In 75 minutes or less, how do you teach a class on Authentic Leadership Theory? Background reading is a chapter from Peter Northouse’s, Leadership Theory and Practice. Today, we started with a clip from the movie Glory that features Matthew Broderick’s character struggling with his role as leader. Big thanks to leadership teacher/author extraordinaire Doug Crandall for recommending that clip!
QUESTION: When you reflect on your own life, what is one experience, relationship, or event that had a big impact on you? Something you might point back at it and say, “this had a shaping effect on who I am today or helped set the course that brought me to where I am today.”Pair up with someone you might not know so well and share your stories.
This exercise gives us practical experience thinking about the “Critical Life Events” component of Authentic Leadership. It can be an eye opener for people to make connections between their past and who they are today, and it can be an eye opener for people to learn meaningful things about others that they did not know. Again quoting from Northouse, “Critical life events act as catalysts for change. Shamir and Eilam (2005) argued that authentic leadership rests heavily on the insights people attach to their life experiences. When leaders tell their life stories, they gain greater self-knowledge, more clarity about who they are, and a better understanding of their role. By understanding their own life experiences, leaders become more authentic.” And, I would add, drawing on Goffee and Jones, telling our life stories is a way to “show” ourselves to those we work with (knowing ourselves isn’t enough, we must also show ourselves).
“Authentic leadership is a complex process that emphasizes the development of qualities that help leaders to be perceived as trustworthy and believable by their followers. The leader’s job is to learn to develop these qualities and apply them to the common good as they serve others” (Northouse, p. 221).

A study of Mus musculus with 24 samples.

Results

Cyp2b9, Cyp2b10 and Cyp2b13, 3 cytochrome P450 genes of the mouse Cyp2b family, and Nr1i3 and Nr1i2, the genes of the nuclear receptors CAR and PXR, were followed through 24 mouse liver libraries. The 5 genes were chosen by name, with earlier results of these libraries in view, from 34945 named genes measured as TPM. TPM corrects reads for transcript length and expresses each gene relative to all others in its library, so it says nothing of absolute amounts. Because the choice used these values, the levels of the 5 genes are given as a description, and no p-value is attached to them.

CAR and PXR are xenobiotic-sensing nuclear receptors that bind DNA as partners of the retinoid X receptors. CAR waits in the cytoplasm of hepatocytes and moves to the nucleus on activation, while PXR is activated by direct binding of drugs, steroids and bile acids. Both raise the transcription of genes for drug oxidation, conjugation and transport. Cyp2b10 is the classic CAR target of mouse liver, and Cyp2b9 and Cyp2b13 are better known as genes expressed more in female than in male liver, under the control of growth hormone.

Drawing heavily on Bruce Avolio and colleagues, Northouse shares a model for Authentic Leadership. We finished class by going through the model (we barely scratched the surface). The four components that are the basis for authentic leadership are: Self-Awareness, Internalized Moral Perspective, Balanced Processing, and Relational Transparency. Three factors influence how those four components work, which we can think of as setting the conditions and context that allows those four components to work. They are: Positive Psychological Capacities (confidence, hope, optimism, resilience), Moral Reasoning, and Critical Life Events.
One observation I’d like to make is that the “Internalized Moral Perspective” and “Balanced Processing” components exist in tension and balance each other out. Think about it, we want a leader with strong convictions who doesn’t cave to pressure or change willy nilly while we also want that same leader to listen to us and genuinely consider when we have an informed opinion that is at odds with his position. So, we find leaders are authentic when their actions are aligned with their beliefs (words and deeds match) and they fully consider others’ viewpoints before they make decisions.
With Leader-Member-Exchange, we asked ourselves: If in fact having more high-quality leader-subordinate interactions is a good thing, how do leaders create (or at least set the conditions for) high-quality relationships with their subordinates?
QUESTION TO REFLECT ON: How might Authentic Leadership provide you a pathway (or set the conditions) for you to develop high-quality relationships with the people you work with? (What, if any, is the connection between L-M-X and Authentic Leadership Theory?)
Go deeper: Authentic Leadership: Development and Validation of a Theory-Based Measure
Bruce Avolio, The High Impact Leader
Bill George, True North
Goffee and Jones, Why Should Anyone Be Led by YOU?